THE BLOG
12/17/2012 05:09 pm ET Updated Feb 16, 2013

On Massacres, Masculinity, Human Rights and Gun Rights

It doesn't just take a mentally disturbed young man to make the ingredients of a school massacre. It takes collective insanity.

In China , a young mentally-disturbed man walked into a school ready to do violence last Friday. Not able to procure a gun, he stabbed 23 people, 22 of them children. All survived.

On the same day in the United States, a young mentally-disturbed man walked into a school with a semi-automatic assault rifle and killed 27 people, mostly children.

Which country protects the human rights of its citizens? Ah yes, the right to own a gun... any gun, even a weapon made for quickly firing 30 rounds or more.

In the United States, we treat every massacre as an act of personally responsibility. The responsibility for pulling the trigger was one man.

But it is a collective mistake to keep reliving this national nightmare and not ask questions about the quality of our policy-making, about the care we put into constructing the foundations of our society.

The U.S. media stumbles over its analysis of mental illness, the rage of young men brought up to prove their masculinity through violence and threats. Men all over the world are too often rewarded and even urged by the media to demonstrate their masculinity by brandishing weapons. We raise boys to put on this "tough guise."

The media's role in linking masculinity and violence is global. Most violence is done by men to other men and some women and children. Why don't we have a conversation about the pressures on men to be violent or aggressive and to earn respect through acting tough? This is a global problem, not just in the U.S.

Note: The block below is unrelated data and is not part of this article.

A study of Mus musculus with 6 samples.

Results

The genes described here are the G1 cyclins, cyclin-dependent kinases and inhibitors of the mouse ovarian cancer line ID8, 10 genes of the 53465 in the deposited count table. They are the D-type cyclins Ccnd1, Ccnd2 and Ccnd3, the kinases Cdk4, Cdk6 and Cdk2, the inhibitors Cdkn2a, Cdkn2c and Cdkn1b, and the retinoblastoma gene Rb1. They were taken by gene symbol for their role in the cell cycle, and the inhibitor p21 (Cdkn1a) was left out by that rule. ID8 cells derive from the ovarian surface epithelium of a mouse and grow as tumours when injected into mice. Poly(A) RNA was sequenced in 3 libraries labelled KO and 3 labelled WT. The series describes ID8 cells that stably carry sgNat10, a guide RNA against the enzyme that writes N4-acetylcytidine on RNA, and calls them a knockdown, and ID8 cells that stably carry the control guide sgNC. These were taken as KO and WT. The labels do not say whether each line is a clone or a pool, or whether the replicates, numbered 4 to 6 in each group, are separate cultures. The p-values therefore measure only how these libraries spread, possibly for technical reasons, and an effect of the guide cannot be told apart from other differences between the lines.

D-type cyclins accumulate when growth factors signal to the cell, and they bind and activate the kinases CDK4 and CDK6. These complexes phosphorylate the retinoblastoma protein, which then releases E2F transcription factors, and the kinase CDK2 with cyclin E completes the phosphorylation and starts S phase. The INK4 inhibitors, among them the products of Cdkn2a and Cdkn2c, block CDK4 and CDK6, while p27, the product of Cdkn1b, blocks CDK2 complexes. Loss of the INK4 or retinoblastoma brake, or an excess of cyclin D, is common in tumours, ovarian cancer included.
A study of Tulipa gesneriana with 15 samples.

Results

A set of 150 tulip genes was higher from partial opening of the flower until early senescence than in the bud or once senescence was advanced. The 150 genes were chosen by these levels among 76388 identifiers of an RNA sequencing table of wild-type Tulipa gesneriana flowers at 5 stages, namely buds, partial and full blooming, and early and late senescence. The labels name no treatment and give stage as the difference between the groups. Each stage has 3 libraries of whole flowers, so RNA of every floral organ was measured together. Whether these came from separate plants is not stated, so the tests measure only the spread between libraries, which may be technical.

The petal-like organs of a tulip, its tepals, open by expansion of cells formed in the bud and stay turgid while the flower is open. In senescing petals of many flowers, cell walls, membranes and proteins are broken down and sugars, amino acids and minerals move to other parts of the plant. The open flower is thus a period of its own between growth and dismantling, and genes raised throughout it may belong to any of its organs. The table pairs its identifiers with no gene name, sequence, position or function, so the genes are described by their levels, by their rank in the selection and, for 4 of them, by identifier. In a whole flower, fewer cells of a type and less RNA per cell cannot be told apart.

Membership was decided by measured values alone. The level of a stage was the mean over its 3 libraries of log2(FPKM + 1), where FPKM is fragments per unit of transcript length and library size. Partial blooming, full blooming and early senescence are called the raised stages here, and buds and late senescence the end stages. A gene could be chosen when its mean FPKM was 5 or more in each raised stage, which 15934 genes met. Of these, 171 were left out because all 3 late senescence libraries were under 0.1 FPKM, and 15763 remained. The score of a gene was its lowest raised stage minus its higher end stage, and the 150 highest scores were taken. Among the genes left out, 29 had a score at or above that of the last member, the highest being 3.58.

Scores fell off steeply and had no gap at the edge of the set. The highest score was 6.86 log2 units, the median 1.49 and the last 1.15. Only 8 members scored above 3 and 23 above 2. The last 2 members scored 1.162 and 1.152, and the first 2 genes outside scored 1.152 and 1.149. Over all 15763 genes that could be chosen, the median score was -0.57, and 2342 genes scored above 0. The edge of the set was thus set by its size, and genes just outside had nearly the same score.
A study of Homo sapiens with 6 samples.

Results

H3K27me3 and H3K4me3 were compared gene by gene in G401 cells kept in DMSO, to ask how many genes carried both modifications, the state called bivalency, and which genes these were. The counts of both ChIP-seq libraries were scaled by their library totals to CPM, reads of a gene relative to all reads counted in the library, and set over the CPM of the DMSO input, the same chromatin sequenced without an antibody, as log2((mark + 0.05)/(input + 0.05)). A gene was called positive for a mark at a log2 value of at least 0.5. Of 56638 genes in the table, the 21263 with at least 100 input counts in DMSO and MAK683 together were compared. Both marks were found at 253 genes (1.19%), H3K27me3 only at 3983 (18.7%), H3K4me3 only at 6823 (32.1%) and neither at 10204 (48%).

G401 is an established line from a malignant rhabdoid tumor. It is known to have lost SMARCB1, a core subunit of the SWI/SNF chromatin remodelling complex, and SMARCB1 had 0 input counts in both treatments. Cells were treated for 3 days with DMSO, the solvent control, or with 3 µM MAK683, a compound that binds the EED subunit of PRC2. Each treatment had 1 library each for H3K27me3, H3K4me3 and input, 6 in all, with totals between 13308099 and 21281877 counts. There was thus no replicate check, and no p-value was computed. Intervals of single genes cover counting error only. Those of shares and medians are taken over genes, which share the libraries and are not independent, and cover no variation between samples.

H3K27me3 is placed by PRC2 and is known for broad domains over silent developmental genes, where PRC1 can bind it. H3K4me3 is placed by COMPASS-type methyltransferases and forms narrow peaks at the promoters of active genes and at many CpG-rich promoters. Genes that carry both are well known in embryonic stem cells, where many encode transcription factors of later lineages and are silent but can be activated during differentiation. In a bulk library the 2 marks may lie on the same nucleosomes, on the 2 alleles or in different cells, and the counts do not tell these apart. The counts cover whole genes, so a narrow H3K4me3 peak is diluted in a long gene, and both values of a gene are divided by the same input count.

Young men in other countries also commit violence against other men and other people. But the U.S. experiences more of these types of massacres than other countries.

Much of the rest of the world look at the U.S. like we are a country gone crazy, a mentally ill nation. But why don't these types of massacres happen as often in other countries?

In the United States, the corporate profits of weapons manufacturers fund the National Rifle Association (NRA) -- one of the most influential lobbying groups in Congress.

In the United States, corporate organizations like the NRA can buy politicians loyalty, ensuring that any small efforts to limit the types of guns that are available are blocked by gun advocates claiming their Constitutional Rights.

In the United States, right wing political leaders demand that the U.S. not be part of the family of nations which works out problems by signing treaties like the Arms Trade Treaty.

In the United States, people propose giving more people guns so that they can stop insane people from using guns -- a solution that is like giving someone who already has cancer another disease that will distract them from the underlying illness.

Last Friday morning there were two young men who were mentally unstable. And now there are two countries that need to have a national conversation about massacres and masculinity, and about human rights and gun rights.

Ultimately, we choose which freedoms are more precious: the freedom to send our children to school or the movie theater without fear -- or the freedom to buy guns that can take away the rights of a classroom full of elementary children in a few minutes?

As we grieve with the families, I hope the school massacre in Connecticut is the tipping point; the final massacre that lands like the last snowflake on an avalanche of change that begins with recognizing our collective responsibility for designing a less violent society.

May this massacre bring with it the recognition that corporate influence on our political system means that we are collectively insane and may it bring an avalanche of public shame on the NRA and Congress to pass the Arms Trade Treaty.